Reclassification Council’s recommendations will increase Oklahoma’s prison population, national and state analysts believe

Oklahoma City — Criminal justice advocates have opposed recommendations adopted in last Thursday’s meeting of the state Attorney General’s Criminal Justice Reclassification Coordination Council. Research and Policy Director Felicity Rose issued a statement regarding the recommendations. Her critique began:

“Unfortunately, the recommendations adopted today by the Criminal Justice Reclassification Coordination Council will ultimately increase the state’s prison population, cost taxpayers more money, and not increase public safety. They do not meet the Council’s own mandate to hold neutral or reduce the state’s prison population.”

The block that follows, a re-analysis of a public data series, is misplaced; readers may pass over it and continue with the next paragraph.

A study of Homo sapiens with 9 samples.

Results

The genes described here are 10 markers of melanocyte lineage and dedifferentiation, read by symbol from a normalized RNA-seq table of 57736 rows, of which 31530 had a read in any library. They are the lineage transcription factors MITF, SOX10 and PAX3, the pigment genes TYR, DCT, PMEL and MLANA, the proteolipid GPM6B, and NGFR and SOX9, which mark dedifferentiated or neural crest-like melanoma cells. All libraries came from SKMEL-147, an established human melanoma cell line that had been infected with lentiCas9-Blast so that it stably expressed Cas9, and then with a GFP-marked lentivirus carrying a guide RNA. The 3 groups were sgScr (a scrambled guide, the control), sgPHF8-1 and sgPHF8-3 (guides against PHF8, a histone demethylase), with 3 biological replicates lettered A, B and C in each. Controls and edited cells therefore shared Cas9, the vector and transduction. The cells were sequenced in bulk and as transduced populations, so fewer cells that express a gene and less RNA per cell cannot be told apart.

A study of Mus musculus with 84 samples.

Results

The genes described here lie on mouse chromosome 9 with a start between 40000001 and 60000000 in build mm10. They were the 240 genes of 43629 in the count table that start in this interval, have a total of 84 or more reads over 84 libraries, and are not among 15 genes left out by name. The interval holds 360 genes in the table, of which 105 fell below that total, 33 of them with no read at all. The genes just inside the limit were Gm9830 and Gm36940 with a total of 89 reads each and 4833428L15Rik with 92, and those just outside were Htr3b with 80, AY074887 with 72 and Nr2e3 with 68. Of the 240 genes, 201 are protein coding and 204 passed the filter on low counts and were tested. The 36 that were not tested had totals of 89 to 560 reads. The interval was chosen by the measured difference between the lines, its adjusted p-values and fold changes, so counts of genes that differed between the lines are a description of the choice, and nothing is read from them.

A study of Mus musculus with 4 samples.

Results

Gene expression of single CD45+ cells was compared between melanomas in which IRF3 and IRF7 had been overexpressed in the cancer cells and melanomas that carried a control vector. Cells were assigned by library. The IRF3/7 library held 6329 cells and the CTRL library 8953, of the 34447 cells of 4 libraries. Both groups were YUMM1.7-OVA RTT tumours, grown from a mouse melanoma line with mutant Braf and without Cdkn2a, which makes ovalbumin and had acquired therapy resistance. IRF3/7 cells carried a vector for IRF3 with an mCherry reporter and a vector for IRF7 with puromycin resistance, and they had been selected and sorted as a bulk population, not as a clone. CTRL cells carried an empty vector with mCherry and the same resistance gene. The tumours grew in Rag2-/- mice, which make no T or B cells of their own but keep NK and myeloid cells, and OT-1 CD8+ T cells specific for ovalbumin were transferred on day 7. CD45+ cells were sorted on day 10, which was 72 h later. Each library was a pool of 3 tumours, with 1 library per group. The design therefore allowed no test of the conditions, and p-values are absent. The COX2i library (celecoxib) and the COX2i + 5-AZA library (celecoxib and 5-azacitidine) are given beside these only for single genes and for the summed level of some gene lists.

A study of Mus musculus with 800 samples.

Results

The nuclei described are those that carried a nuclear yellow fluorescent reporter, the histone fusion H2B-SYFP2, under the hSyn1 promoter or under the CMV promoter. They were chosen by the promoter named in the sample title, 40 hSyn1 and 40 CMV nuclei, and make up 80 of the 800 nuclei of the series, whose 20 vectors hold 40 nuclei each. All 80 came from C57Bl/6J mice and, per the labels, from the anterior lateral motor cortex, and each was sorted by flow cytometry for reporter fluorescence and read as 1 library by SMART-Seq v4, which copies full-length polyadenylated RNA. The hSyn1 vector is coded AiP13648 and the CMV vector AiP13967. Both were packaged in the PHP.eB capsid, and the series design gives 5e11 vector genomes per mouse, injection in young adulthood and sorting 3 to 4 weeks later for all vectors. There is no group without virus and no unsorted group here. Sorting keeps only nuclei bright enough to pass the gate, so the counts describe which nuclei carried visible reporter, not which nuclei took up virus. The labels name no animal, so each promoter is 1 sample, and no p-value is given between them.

The state attorney general’s staff released, based on the council’s recommendations, a framework for its beliefs about the impact of its recommendations. That material can be examined here:


“Our impact analysis found that the Council’s proposal to establish minimum time served requirements for all felonies would increase the state’s prison population by almost 1,000 people and cost taxpayers between $20 million and $83 million in additional prison expenditures over the next 10 years.”

Responding to questions from, Colleen McCarty of Oklahomans for Criminal Justice Reform (OCJR) reflected, “I believe the report is more accurate than the Department of Corrections estimates. I believe the new reclassification plan will lead to an increase in the prison population.”McCarty continued, saying, “I believe that non-violent offenders will serve longer than they do currently” if the reclassification council’s report is put into effect.

Rose concluded her September 23 press release, saying, “These recommendations will damage the state’s progress on criminal justice reform. We urge the Council to work with state and national criminal justice reform experts, advocates, and directly impacted communities to develop a proposal that will address the incarceration crisis and make Oklahoma a stronger, safer state.”